HuffPo wants to be a newspaper

In just a little over two years, The Huffington Post has gone from being a side project for founder Arianna Huffington — whom many saw as an intellectual dilettante playing around on the Internet — to a new-media powerhouse whose Web traffic is larger than that of many traditional media competitors, and even threatens to topple (or has already toppled, depending on who you listen to) the legendary Drudge Report for largest media destination site, with close to 4 million unique visitors a month.

So what’s next up the Huffington Post’s sleeve? Local journalism, apparently. The site announced last week that it plans to hire editors in major centres, beginning with Chicago, who will pull together coverage from various news sources, including wire services and local bloggers and websites. Ms. Huffington says that she hopes to expand the project to dozens of other major cities, and that she sees the local sites becoming the equivalent of a newspaper — something that many troubled local newspaper chains will no doubt see as yet another nail in their coffins.

Ms. Huffington has also made it clear, however, that just reporting (or aggregating) the facts isn’t enough for her site, which has made its name based in large part on the opinionated commentary of its bloggers — including some well-known names, such as actor John Cusack and comedian/actor Harry Shearer — as well as on the “citizen journalism” it has engaged in through the Off The Bus campaign coverage project, including some controversial reporting on Barack Obama and Bill Clinton by blogger/journalist Mayhill Fowler (which I wrote about here).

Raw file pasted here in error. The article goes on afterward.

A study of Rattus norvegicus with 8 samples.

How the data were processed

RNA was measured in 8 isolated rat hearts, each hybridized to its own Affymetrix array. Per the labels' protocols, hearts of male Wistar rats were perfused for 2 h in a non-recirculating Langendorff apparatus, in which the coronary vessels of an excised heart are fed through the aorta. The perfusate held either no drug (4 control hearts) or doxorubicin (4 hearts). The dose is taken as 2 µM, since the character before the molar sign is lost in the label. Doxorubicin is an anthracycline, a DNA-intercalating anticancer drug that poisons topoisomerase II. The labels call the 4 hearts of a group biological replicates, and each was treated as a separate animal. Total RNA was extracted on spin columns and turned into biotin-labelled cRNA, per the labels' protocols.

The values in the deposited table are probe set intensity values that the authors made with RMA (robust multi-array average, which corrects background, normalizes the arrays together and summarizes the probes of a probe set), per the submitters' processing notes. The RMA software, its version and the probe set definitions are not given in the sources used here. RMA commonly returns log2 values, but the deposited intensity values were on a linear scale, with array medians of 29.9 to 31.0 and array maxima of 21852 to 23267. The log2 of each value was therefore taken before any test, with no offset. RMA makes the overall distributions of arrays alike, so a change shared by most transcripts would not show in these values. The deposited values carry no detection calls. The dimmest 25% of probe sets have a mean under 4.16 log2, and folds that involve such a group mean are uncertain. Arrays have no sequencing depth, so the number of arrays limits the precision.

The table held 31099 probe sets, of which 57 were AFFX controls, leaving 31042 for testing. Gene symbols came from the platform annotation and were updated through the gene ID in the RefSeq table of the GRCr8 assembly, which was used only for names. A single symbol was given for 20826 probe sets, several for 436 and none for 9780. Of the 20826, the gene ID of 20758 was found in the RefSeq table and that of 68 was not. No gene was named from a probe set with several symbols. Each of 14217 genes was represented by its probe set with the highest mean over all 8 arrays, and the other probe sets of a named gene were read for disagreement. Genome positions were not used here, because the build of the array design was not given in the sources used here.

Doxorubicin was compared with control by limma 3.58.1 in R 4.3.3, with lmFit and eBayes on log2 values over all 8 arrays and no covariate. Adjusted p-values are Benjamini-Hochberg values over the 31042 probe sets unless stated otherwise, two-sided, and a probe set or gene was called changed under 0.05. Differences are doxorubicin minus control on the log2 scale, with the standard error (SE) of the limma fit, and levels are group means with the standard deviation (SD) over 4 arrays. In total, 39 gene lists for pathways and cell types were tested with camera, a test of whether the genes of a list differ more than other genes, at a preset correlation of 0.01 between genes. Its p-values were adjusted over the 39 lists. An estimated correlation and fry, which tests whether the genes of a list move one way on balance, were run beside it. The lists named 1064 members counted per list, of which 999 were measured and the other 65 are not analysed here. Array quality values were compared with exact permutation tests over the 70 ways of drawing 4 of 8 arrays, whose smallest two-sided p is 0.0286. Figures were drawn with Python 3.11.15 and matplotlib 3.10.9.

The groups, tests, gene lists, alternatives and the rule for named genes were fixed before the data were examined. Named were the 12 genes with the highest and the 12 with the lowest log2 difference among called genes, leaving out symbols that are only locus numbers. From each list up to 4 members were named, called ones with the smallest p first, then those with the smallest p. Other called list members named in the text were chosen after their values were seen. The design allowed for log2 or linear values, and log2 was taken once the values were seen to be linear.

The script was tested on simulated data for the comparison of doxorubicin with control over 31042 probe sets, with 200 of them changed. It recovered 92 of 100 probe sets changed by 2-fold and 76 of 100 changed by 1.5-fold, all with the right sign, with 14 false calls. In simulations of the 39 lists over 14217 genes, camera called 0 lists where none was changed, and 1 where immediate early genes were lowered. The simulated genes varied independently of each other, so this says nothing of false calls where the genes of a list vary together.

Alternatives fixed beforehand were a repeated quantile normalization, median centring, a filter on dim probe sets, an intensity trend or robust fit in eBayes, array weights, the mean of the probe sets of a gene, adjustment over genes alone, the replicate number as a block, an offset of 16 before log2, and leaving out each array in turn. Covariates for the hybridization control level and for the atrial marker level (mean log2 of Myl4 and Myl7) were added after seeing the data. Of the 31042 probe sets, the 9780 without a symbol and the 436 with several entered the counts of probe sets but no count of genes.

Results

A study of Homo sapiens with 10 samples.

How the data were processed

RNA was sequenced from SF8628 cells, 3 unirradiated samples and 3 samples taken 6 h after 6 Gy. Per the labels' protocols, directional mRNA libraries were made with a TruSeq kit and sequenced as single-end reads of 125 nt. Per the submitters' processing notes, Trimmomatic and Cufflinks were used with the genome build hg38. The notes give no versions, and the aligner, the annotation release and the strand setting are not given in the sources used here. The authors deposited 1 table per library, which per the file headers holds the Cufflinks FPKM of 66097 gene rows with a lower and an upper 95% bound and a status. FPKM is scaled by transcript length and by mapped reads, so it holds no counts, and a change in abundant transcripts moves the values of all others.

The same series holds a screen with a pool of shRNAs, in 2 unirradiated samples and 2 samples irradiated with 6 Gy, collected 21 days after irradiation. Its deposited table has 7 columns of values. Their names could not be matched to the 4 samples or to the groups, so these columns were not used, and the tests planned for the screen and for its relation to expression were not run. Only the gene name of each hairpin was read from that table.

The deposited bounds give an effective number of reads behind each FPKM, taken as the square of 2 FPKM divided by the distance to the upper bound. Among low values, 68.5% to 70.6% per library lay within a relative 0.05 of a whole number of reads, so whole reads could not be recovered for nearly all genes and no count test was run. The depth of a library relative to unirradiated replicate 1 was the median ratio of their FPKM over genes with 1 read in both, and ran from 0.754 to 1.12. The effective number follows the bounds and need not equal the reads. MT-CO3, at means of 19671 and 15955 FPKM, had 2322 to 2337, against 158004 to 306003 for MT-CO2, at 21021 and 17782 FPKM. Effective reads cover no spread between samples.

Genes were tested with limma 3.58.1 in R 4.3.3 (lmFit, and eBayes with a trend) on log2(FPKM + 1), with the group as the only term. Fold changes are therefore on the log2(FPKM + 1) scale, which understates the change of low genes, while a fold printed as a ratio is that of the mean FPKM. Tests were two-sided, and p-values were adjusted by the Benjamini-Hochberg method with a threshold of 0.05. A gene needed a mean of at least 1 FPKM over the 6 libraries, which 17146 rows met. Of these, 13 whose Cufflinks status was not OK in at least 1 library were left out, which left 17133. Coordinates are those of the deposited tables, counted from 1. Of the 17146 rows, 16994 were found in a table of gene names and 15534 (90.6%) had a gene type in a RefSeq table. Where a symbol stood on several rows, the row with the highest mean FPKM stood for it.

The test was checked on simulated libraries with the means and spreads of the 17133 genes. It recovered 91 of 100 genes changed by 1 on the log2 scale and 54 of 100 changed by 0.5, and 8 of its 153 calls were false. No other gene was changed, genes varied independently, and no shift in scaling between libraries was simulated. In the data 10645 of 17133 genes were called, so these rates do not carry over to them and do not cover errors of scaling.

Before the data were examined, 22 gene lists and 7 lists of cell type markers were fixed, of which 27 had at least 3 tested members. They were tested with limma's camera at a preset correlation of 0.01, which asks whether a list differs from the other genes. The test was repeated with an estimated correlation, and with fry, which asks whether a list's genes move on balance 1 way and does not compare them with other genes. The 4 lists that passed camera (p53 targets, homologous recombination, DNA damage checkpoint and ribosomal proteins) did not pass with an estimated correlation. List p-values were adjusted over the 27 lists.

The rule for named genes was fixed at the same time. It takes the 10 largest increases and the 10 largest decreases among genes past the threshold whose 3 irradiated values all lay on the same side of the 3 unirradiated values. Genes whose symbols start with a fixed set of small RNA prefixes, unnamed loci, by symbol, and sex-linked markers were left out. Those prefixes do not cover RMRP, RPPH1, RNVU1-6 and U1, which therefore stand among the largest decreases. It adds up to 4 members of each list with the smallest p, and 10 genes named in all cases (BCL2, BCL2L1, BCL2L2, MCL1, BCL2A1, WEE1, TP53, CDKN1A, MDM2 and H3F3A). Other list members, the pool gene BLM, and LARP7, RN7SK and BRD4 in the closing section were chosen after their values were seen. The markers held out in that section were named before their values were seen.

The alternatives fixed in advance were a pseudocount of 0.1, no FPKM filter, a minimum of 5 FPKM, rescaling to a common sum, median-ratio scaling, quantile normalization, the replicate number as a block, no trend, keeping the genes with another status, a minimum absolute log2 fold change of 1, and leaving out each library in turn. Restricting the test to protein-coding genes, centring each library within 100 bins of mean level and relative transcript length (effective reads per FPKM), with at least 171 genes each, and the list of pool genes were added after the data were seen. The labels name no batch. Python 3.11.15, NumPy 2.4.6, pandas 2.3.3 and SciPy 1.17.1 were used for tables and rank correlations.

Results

At the recent Personal Democracy Forum conference in New York, Ms. Huffington said that one of the reasons why new media like her site has become more popular is that old media has failed readers, due in part to its commitment to a false kind of objectivity. “This is one the major problems of old media,” she said. “The illusion of presenting two sides of a story instead of just ferreting out the truth.” Whether that kind of approach — which some see as a potentially dangerous or at least unwelcome development for journalism — extends to the Huffington Post’s local “newspaper” project remains to be seen.